Regardless of the “how’s” and “why’s,” when a carcass weighing 20 tons and stretching nearly 50 feet in length begins to decompose, action must be taken—and quickly.
Such was the case in Ubatuba, Brazil in October of 2000, when the body of a dead humpback whale was deposited onto one of the city’s busiest beaches, like a sad gift no one wanted. Shortly after its arrival, the whale’s rotting body began contaminating the beach with its overpowering stench and the bi-products of its massive rotting body.
Local officials started scrambling. Approximately fifty individuals from Brazil’s Civil Defense and Forestry Police departments attempted to remove the stranded whale’s remains, employing six tractors to no avail. A subsequent plan was attempted using a tugboat loaned by the Brazilian gas company Petrobras to tow the body by attaching a series of wires to the carcass. This failed when the wires connecting body to bow broke before the whale had budged. All the while, neighbors had begun complaining about the smell.
Having learned from past debacles (like the infamous case in Oregon), officials in Ubatuba settled on digging a gigantic hole in the sand and simply burying the whale where it lay.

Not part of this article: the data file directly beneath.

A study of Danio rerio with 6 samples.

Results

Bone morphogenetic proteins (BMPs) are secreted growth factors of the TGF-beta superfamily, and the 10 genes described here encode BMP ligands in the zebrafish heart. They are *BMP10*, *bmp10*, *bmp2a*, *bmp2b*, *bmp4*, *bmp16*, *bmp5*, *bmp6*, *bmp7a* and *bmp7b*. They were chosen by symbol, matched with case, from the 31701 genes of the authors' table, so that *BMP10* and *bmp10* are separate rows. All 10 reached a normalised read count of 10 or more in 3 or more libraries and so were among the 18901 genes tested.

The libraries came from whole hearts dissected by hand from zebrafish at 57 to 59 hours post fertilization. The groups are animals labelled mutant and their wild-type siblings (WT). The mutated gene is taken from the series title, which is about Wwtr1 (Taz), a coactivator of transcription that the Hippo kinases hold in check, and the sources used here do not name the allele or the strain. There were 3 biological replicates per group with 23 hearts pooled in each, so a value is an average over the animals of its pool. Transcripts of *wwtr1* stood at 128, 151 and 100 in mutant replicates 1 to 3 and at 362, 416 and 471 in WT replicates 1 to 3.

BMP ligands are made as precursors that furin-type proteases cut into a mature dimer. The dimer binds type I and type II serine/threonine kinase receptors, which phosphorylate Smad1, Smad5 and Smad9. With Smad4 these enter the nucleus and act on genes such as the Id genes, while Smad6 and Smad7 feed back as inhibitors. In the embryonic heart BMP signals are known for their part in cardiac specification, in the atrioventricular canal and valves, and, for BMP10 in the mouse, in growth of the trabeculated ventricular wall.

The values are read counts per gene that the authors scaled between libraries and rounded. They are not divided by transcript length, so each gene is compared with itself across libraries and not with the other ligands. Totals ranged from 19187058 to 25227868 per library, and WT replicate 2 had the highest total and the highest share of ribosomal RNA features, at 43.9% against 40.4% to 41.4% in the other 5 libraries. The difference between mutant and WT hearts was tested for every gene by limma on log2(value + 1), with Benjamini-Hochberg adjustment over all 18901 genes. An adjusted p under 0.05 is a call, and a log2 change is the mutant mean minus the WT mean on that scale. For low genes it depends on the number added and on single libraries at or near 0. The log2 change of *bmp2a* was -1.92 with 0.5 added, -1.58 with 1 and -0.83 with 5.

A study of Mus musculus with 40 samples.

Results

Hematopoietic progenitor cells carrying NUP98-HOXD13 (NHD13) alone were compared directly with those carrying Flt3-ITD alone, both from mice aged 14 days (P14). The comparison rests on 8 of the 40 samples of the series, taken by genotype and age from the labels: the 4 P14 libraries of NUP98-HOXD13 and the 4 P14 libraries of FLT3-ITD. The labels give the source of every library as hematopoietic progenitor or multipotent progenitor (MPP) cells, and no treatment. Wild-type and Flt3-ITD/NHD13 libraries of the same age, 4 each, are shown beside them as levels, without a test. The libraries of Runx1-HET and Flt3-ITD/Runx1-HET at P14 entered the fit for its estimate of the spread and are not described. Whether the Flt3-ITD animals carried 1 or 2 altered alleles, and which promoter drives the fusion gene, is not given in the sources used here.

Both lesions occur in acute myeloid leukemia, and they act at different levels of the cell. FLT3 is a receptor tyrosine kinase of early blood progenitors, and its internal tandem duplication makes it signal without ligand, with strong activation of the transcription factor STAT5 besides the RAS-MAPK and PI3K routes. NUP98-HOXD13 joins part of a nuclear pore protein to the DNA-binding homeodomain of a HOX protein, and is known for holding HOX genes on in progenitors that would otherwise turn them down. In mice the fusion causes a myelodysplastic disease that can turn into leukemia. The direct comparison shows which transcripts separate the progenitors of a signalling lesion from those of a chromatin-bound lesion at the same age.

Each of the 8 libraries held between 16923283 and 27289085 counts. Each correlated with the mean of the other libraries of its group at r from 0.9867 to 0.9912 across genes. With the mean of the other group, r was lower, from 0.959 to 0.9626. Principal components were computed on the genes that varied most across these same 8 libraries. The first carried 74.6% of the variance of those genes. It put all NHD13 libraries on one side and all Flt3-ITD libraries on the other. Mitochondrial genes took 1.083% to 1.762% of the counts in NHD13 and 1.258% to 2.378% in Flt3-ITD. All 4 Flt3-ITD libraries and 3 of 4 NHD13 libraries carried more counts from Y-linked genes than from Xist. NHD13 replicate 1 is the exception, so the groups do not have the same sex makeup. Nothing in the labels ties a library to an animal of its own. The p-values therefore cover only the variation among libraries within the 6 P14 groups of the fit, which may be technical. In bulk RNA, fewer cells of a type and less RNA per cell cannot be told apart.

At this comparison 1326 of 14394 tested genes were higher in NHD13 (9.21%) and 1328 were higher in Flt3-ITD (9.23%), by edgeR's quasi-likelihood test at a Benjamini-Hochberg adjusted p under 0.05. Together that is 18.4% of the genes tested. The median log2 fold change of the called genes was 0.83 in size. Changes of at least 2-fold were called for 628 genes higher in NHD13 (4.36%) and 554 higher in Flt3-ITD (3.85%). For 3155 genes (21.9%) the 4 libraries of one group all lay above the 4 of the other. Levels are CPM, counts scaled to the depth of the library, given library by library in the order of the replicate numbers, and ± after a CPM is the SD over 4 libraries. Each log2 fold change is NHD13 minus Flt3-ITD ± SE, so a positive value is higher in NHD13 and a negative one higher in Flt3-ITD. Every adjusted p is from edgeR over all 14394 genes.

Eight years later, a team from the Ubatuba Aquarium had an idea. Part of a joint project with schools in the area, experts from the aquarium decided to exhume the humpback whale’s skeleton, which had lain peacefully unmolested below the sands ever since the initial attempted disposal debacles. Together, the professionals and amateurs reconstructed the whale’s skeleton. Today visitors to São Paulo can visit the whale outside the Ubatuba Aquarium, where it has been installed in a spot of prominence, swimming through the skies for eternity.
Know Before You Go
The Ubatuba Whale is on display at Praça da Baleia, near the Ubatuba Aquarium.